If a child or teen tells you they have been hurt by an adult, listen to them. Call the child-abuse hotline and make a report. As the commonwealth's largest child welfare agency, the City of Philadelphia Department of Human Services (DHS) received more than 35,000 calls to our child-abuse hotline last year. Each call was reviewed and assessed for the child's safety, leading to the department's investigation of 17,744 reports of abuse or neglect last year.
Your call could mean the difference of ending abuse for a child or providing the opportunity for a family to connect to critical resources that will stabilize their family and help prevent abuse or neglect. When you call the hotline to report abuse or neglect, it does not always mean a child will be removed from the home. Our focus is on safely reducing the number of children in our care and providing services in the community. To this end, we are committed to expanding our child-abuse prevention work and diverting families to supportive services as long as it is safe to do so.
We work with families in different ways, depending on their need. Some parents are connected to voluntary services that work to address basic needs, such as food and housing, and identify other resources that can help strengthen their family, such as child-care, preschool, Out of School Time programs, and behavioral health services. Other families are provided with in-home case management that works to increase parenting skills and mitigate any child-safety issues.
For some families, it is unsafe for children to remain in the home. Last year, this led to 2,683 children court ordered to DHS custody. Currently, 5,852 children and youth are receiving child-welfare placement services through Philadelphia DHS. When children need to be placed with DHS, we know that they do best when they can live with another family and close to their community of origin. To this end, 86 percent of children and youth who are removed from their home are in family foster care. Of all children in foster care, a majority — 55 percent — are with relatives they know.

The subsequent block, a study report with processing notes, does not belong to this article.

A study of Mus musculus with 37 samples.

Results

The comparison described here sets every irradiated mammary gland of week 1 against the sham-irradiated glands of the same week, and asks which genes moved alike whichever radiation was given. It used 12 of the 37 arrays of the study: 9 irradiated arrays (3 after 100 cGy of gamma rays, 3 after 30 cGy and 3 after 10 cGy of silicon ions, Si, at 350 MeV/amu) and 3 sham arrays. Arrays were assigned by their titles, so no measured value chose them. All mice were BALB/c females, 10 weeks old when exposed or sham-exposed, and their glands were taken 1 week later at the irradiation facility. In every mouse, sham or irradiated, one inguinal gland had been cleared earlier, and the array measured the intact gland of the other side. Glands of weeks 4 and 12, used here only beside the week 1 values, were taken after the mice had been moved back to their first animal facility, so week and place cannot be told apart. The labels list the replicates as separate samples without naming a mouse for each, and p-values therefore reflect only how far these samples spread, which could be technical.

We all need to speak up for children. Some individuals are mandated to report by the state's Child Protective Services Law. Significant changes to this law went into effect in 2014, following the investigation and conviction of Jerry Sandusky for child rape and sexual abuse. The lessons learned from this tragedy helped to strengthen the state's child-abuse reporting laws and increased the list of mandated reporters. It created clear pathways for medical practitioners to provide information to county child-welfare agencies. It also expanded the role of school employees as mandated reporters.
No matter what your role is in a child's life—if a child discloses wrong-doing or if you witness abuse — respond with urgency. If recent news reports about child sex abuse and sexual assault have taught us anything, it is to listen to the victim. The impact of child abuse and sexual assault may be felt for a lifetime, but the sooner we can listen, the sooner we can provide help, and the sooner healing can take place.
Cynthia F. Figueroa is commissioner of the Philadelphia Department of Human Services.